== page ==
Most of us love the outdoors. That’s why we live here. And, as outdoor-loving people, we enjoy viewing wildlife in its natural habitat. Mount Emily Recreation Area (MERA) is a wonderful place to see deer, which are seemingly everywhere (just ask my wife about her disappearing flowers), elk at certain times of the year, squirrels and an abundance of birds including wild turkeys. Other denizens of the forest are around too, those being bears and cougars, but they rarely allow themselves to be seen.

A couple of autumns ago I had the rare, but exciting opportunity to come face to face with a rather large adult cougar. Here’s how it all went down.

Job and time constraints determine that I ride my mountain bike on MERA’s trails at 5 a.m. Monday, Wednesday and Friday in the spring, summer and fall until the snow gets too deep. That means early spring and late fall rides are in the dark before sunrise, which necessitates powerful lights mounted on my handlebars and helmet.

One October morning I rode up from the Igo Lane trailhead to the Archery Range road, then turned south toward Owsley Canyon Road. I had just dropped down off of Archery Range Road onto a short singletrack that leads into the Owsley Canyon trails area when movement just on the edge of my light’s range caught my attention. Whatever it was looked big, so I stopped. I lifted the front of my bike up so I could scan the area just ahead. As I panned my light to the right, I saw it. Perhaps 30 feet away was a large, full-grown cougar standing dead still looking at me. Because my lights are so bright it probably couldn’t actually see me, but it was apparently curious about the lights. We stared at each other for a minute or two. I stood there frozen, not wanting to take my eyes off of it, all the while trying to figure out what my next move was going to be and what I’d do if it chose to attack. I decided I would use my bike as either a shield or a weapon, which ever would be necessary. After a while the cat seemed to get bored and turned its head back in the direction it had been going before I showed up. At that point it became clear that it wasn’t hungry for a breakfast of mountain biker that particular morning. As it started to slowly move away, I slowly backed away in the opposite direction.

When I got back to the road I hopped on my bike and rode straight down the mountain to my truck, loaded my bike and drove home feeling fortunate to be alive and yet exhilarated by the experience I’d just had.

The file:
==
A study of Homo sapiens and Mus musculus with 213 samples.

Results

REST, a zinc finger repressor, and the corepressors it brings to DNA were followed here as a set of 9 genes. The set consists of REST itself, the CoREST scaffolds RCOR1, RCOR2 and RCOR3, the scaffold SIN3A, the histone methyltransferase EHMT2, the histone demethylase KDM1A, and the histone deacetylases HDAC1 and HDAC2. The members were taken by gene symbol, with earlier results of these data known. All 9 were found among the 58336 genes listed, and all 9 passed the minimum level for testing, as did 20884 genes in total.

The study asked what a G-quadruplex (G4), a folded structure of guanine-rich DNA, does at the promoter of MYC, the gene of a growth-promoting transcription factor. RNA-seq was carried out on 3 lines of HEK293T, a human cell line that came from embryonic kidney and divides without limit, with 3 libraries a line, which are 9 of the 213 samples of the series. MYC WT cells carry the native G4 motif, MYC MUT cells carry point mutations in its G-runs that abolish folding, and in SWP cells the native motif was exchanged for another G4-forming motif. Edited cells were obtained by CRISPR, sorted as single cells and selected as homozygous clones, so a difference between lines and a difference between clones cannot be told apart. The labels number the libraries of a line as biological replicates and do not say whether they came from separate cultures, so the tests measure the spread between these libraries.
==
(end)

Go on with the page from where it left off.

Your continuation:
So far, I’ve never met a bear, but I know they’re out there because I’ve seen plenty of bear sign on the trail. Although bears and cougars normally avoid humans, they are probably aware that you are in their territory. With this in mind, I think it appropriate to list a few tips on what to do if you meet a bear or cougar while on the trails.


• While on the trail watch for signs such as droppings, fresh tracks or bear’s strong scent

• Be careful near berry patches

• Never approach a fresh kill

• Carry a noise maker such as a bell or a can filled with pebbles to avoid startling a bear

• Do not let small children straggle behind

• Be especially careful when accompanied by a dog, as a barking dog can enrage a bear and draw a bear back to you

• Never approach a cub or get between a cub and its mother

If you meet a bear it will probably run away, but if, in characteristic bear unpredictability, it does not:

• Watch for signs of an attack such as the animal rearing up on its hind legs and growling with ears laid back

• Do not run or wave your arms as this will only provoke the bear

• Back away slowly, talking as calmly as possible

• If the attack is unavoidable, experts say to protect your stomach, thighs and neck by lying down in the fetal position with knees drawn up to your neck and hands clasped over your neck

• Try to lie as still as possible.


• Cougars usually hunt at dusk and dawn. Try to avoid being in their territory at these times.

• If you encounter one and it looks as if it is about to attack, make yourself as big as possible by waving your arms, or a stick (or your bike)

• Slowly back away (as much as you may want to, don’t turn and run)

• Make noise

Understandably, the above information can sound intimidating, but there is no reason not to enjoy MERA trails. Just be smart. Know that bears and cougars are there even if you don’t see them.

For more information on bears and cougars just Google “bear and cougar precautions” on your computer and hundreds of websites on the subject will come up.